In order to ensure persons with hearing impairment were not left behind in asserting their political and electoral rights during the elections, the Election Commission Nepal, with the support of UNDP’s Election Support Project, has been reaching out to them through trainings geared to brief them about the voting process and to motivate them to be part of the democratic exercise.
Krishna Gajurel had always dreamt of putting his concerns to political leaders and government decision-makers, but had been unable to do so, one of the reasons being the hearing impediment he suffers. This year, however, he has become far more optimistic about actively asserting his political rights, and even participated in the recent local-level elections as a first-time voter.
“I have voted for the candidates of my choice,” he said in sign language, smiling. “Until a decade ago, it was very difficult to imaging that a deaf person could also vote in an election. But this time around, it was made possible thanks to special trainings that were organized for persons with physical disabilities that made us aware of our political rights and encouraged us to take part in this important democratic exercise.”
Besides participating in the election as a voter, he also taught and trained other people with hearing disabilities on their political and electoral rights.
It is a bitter reality of Nepal that people with hearing impairment, among those with other forms of disability, are deprived of the opportunity to cast their ballots, owing mainly to lack of access to information. And so, in an effort to address this gap, the Election Commission of Nepal (ECN) and UNDP’s Electoral Support Project (ESP) had partnered with the National Federation of the Deaf Nepal (NDFN) to organize a national seminar on voter education for people with hearing impairment on 3 May this year. The programme saw the participation of 31 leaders representing various associations of the hearing-impaired from all over the country.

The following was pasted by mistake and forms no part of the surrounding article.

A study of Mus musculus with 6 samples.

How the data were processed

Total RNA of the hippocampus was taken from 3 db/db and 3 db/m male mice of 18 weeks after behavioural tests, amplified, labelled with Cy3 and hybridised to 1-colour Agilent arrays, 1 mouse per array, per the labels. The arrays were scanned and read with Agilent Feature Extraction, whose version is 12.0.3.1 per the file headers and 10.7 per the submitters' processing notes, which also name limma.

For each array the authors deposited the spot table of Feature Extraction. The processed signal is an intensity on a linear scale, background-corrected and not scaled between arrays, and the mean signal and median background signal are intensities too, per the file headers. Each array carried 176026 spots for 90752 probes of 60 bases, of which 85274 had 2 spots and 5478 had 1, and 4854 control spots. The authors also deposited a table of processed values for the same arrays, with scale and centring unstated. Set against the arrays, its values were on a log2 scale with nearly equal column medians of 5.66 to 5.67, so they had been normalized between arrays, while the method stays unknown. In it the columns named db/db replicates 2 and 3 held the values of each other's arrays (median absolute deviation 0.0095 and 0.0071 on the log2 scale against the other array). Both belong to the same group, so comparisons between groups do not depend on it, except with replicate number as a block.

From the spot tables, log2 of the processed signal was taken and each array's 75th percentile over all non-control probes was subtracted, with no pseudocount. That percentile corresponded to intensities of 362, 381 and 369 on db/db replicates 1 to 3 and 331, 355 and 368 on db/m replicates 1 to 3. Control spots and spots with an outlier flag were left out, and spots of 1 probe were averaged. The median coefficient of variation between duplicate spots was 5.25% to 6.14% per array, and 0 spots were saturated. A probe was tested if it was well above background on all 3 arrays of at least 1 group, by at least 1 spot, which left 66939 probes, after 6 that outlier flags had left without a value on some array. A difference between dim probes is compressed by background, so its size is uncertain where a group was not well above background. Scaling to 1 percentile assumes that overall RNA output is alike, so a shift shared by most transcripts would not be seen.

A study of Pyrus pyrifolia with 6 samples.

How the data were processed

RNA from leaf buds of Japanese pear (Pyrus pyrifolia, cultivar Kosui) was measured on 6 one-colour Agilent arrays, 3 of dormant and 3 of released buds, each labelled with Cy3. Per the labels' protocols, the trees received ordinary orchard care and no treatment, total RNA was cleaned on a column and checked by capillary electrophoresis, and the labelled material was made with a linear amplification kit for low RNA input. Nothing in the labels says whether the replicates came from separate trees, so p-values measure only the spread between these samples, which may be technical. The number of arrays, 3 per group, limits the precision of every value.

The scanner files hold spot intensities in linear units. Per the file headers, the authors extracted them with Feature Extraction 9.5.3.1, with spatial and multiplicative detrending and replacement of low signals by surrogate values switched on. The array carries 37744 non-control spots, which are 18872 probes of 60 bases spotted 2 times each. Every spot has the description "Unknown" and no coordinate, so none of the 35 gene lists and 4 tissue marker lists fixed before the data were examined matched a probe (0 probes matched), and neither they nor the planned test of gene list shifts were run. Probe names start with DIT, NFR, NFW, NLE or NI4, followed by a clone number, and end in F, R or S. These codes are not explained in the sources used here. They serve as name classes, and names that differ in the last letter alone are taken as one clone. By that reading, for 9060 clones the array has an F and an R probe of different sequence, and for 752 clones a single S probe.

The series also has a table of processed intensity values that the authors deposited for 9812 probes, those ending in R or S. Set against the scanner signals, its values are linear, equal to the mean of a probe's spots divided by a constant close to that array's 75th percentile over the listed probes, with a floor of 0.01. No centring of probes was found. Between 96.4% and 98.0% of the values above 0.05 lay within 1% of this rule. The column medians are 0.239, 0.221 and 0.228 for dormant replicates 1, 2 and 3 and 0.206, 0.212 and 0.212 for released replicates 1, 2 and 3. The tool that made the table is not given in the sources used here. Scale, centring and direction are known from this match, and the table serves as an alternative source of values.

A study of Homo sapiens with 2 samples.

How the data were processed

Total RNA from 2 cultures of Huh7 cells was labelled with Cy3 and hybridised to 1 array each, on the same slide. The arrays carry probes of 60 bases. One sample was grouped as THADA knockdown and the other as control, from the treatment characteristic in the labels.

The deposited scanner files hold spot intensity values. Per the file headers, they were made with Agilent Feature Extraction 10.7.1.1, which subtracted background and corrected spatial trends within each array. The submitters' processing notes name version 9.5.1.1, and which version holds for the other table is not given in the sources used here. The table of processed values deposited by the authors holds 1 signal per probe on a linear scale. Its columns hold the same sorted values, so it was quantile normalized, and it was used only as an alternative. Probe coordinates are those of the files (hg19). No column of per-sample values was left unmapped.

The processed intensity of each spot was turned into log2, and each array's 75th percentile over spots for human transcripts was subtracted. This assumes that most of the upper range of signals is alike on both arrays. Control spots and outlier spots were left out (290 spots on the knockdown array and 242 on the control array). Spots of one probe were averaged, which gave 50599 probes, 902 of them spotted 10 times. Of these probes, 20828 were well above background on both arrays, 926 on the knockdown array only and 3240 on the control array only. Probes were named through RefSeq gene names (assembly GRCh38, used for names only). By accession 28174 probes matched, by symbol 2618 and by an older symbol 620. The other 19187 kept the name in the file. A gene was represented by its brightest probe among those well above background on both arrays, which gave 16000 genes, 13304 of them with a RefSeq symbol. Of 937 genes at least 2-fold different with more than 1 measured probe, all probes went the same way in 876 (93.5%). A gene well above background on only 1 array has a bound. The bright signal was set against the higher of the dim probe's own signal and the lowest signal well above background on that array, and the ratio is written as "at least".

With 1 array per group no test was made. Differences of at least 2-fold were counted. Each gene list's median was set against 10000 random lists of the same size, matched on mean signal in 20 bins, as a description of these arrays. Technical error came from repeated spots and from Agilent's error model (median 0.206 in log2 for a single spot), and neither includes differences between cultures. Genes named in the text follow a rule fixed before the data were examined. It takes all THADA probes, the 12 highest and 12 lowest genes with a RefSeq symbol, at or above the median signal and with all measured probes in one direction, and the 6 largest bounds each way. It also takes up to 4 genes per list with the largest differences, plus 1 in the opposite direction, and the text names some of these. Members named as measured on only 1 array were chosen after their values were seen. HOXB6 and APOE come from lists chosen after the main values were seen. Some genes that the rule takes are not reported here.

“As the recently conducted local elections comprised the first electoral exercise under the new federal structure in Nepal, there were some new features that were confusing even to the general population. It is obvious that the confusion was even higher in the case of deaf voters,” said Kedar Prasad Adhikari, General Secretary of NDFN. “This was why we felt the need to conduct the training, to brief them about the voting process and to motivate them to cast their votes. It worked to spread confidence among deaf voters and encourage them to practice their rights as well as motivate others like them to do the same.” He added that the different materials prepared with the support of ESP had helped to further disseminate the electoral information amidst the hearing-impaired community in the country.
At the seminar, participants have been provided with details regarding the structure of local-level entities, different features of the elections, the layout of the ballot paper and the proper way to mark them. Some public service announcements (PSAs) were also translated in Nepali sign language to be broadcast through TV channels.
“It was very exciting to get to interact with officials from the ECN, who urged us not to miss out on an opportunity to have our voices heard and choose our own leaders,” said Satya Devi Wagle about the seminar. “I enjoyed the mock polling the most,” she added, sharing that having the entire training conducted in sign language ensured that they could all understand the issues being discussed.
Following the seminar at the national level, participants went on to conduct local-level training programmes on election procedures for more than 1,000 local voters with hearing impairment across Nepal.
It was in 2013, in the spirit of supporting the ECN in making electoral processes in Nepal more inclusive, that ESP had started a voter education initiative for the community of people with hearing impairments to raise awareness of electoral issues and motivate them to take part in the polls. For the 2013 Constituent Assembly Elections, posters, PSAs and TV programmes had been produced in sign language. In 2014, a specific training manual for people with hearing impairments was also developed and a train-the-trainers course provided to 25 representatives of the community from different parts of the country.
The Electoral Support Project- Phase II (ESP) is a technical assistance initiative which focuses on a long-term institutional and professional capacity development of the Election Commission (ECN) for conducting credible, inclusive and transparent elections at a national. The objectives of the project are 1) to strengthen the capacity of the ECN to function as an independent and credible institution, 2) to allow the conduct of the election cycle in an effective, sustainable, and credible manner, and 3) to increase democratic participation, particularly for under-represented and disadvantaged segments of the Nepali society. ESP is currently funded by EU and Norway.